Comment: Cunning new hotel collections

Quorvus, Curio, Autograph and M Gallery have a good game plan

Louise Oakley
Louise Oakley

Within the first six months of this year, two international hotel groups have launched brands with a difference; they are ‘collections’ of hotels that promise unique properties, rather than those conforming to any sort of brand standards.

In February, the Carlson Rezidor Hotel Group unveiled the Quorvus Collection, “a new generation of expertly curated luxury, five-star hotels that offer a truly distinctive experience”. The company asserted that each hotel will be “individual in style, design, heritage, history, and architecture”.

Just last month, Hilton Worldwide launched Curio — A Collection by Hilton, with the bold statement that “individuality” is what “unifies the hotels”.

The brand website states that “these are hotels that define themselves”, exuding authenticity “with a distinct character and a personality you can’t duplicate”.

This approach to ‘brands’ is not new; Quorvus and Curio join Marriott International’s Autograph Collection, billed as “a diverse collection of high-personality independent hotels” and Accor’s M Gallery, which promises “a collection of unique hotels of character”.

The benefits are obvious: these global operators now have the opportunity to win over owners without forcing them to accept rigid brand standards, thus adding an alternative route to growing their portfolio.

As Carlson Rezidor SVP marketing CRM & global branding Eric De Neef said upon launching the Quorvus Collection: “it will be much more a conversion model, because it is the uniqueness of the property that will be building our collection”.

The same is true of Curio, with Jim Holthouser, Hilton Worldwide’s EVP of Global Brands, admitting that “the assets we will bring in under the Curio umbrella are largely established — they have their own sets of features and benefits, they have their own culture, they each deliver a unique experience, and we’re not going to ask them to change that”.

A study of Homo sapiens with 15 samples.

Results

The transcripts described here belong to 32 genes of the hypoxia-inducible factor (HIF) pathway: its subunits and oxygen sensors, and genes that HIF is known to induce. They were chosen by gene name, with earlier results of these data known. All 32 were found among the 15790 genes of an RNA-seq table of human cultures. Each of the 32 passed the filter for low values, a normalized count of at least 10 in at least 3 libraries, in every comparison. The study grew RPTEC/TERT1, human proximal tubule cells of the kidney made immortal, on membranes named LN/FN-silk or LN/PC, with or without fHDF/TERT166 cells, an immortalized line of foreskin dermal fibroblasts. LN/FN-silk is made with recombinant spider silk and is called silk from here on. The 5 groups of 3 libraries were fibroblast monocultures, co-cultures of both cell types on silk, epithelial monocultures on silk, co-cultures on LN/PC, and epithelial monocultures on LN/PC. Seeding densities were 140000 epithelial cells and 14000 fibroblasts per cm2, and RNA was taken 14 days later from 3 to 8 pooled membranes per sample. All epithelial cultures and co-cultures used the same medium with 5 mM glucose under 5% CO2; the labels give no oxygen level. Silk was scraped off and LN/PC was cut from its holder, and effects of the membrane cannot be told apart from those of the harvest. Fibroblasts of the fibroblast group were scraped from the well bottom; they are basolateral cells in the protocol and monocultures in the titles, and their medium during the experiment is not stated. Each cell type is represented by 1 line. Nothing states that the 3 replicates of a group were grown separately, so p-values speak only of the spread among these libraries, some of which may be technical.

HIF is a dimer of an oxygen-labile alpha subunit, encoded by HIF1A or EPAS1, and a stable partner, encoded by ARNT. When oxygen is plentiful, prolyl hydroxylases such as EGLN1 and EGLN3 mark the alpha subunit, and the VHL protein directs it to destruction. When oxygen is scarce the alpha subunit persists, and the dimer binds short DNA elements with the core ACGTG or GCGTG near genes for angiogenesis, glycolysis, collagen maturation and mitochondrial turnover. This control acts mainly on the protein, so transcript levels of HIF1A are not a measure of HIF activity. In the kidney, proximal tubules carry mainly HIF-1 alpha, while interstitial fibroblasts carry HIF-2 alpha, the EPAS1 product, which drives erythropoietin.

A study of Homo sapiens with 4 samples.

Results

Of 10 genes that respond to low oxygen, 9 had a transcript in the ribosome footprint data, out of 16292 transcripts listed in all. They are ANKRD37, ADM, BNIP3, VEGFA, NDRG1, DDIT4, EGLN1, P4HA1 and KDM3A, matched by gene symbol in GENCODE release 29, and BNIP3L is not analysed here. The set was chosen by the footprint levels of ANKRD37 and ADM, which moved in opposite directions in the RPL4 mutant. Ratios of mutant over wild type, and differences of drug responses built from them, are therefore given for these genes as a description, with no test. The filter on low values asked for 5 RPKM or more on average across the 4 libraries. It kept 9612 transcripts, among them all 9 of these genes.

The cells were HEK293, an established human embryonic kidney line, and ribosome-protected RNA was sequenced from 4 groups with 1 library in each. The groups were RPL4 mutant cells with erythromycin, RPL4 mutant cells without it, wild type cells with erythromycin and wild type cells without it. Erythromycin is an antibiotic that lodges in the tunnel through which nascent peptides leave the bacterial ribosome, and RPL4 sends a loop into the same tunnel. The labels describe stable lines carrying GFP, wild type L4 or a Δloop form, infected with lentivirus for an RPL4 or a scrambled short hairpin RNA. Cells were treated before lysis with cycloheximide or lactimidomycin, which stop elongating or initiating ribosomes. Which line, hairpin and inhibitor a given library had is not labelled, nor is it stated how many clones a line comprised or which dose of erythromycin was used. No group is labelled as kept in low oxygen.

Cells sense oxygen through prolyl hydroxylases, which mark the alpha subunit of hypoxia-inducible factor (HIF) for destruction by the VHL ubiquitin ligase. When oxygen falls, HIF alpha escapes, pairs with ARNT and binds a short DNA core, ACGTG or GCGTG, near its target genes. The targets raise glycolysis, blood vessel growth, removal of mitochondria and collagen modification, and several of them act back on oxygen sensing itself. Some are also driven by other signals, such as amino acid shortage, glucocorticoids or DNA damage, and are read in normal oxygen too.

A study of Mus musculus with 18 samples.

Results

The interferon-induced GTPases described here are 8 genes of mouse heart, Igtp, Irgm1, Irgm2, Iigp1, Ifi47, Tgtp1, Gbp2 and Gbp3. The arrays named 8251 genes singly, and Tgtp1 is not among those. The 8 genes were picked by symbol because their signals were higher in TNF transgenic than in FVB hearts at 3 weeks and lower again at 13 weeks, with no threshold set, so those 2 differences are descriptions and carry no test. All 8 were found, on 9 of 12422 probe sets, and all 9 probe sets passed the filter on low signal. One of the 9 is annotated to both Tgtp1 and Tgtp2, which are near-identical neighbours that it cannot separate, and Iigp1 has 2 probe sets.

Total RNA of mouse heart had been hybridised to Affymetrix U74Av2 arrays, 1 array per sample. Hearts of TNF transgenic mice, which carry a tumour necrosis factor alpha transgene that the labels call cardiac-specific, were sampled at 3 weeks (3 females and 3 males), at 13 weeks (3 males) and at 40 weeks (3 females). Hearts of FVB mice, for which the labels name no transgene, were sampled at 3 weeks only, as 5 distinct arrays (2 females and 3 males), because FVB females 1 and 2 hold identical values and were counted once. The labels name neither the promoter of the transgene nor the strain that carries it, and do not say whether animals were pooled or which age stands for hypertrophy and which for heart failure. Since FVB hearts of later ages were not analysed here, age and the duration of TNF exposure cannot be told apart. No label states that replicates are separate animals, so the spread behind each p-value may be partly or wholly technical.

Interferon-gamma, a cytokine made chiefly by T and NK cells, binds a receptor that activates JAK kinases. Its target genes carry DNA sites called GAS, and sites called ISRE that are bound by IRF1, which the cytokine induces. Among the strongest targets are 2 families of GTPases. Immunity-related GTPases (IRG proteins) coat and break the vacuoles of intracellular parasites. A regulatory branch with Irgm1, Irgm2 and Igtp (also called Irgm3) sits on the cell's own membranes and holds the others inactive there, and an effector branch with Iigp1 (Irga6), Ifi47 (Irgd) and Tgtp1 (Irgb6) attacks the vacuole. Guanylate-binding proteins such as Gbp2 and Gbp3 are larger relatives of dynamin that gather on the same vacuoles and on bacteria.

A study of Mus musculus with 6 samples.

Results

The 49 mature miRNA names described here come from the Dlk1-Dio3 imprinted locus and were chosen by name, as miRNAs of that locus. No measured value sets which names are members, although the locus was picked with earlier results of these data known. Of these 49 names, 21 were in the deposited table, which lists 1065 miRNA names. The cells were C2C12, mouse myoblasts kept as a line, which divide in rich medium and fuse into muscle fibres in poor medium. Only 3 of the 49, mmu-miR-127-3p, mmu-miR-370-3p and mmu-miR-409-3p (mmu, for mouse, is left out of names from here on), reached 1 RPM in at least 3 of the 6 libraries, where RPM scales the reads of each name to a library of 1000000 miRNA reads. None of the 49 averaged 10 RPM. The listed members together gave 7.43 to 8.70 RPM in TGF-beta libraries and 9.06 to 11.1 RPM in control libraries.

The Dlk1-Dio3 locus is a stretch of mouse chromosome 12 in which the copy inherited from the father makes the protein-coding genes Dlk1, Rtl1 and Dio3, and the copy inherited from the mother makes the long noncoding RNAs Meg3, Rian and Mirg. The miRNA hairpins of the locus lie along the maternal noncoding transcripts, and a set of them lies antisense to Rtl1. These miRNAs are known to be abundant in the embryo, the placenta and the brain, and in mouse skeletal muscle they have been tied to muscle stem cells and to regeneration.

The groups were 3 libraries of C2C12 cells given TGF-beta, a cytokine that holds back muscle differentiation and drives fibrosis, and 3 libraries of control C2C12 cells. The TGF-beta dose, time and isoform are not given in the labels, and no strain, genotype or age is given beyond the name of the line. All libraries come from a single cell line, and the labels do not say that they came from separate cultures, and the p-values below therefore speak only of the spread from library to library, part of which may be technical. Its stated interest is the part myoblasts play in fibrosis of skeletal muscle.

Operators can flag hotels they might otherwise have had to walk away from and the owner is able to maintain an air of independence, while obtaining the backing of powerful sales and marketing engines and access to millions of rewards members.

It also gives operators of the big brands the chance to add some prestigious, historic or boutique hotels to their portfolio, giving them a chance to compete with increasing numbers of stylish, highly-personalised brands such as Capella, Morgans Hotel Group, Bulgari, Baccarat and ME by Meliá.

But is there room for so many of these “collections”? Holthouser says the figures speak for themselves: “If you look at all the hotels in Europe, 60% of all hotels today are still independent, a third, roughly 30% in the US are still independent, in the Middle East, and the rest of Asia, it’s roughly 50%. So there are a lot of properties out there that could potentially fit this”.

With conversion hotels able to open faster than new-builds, it’s fair to say these operators have a good growth game plan.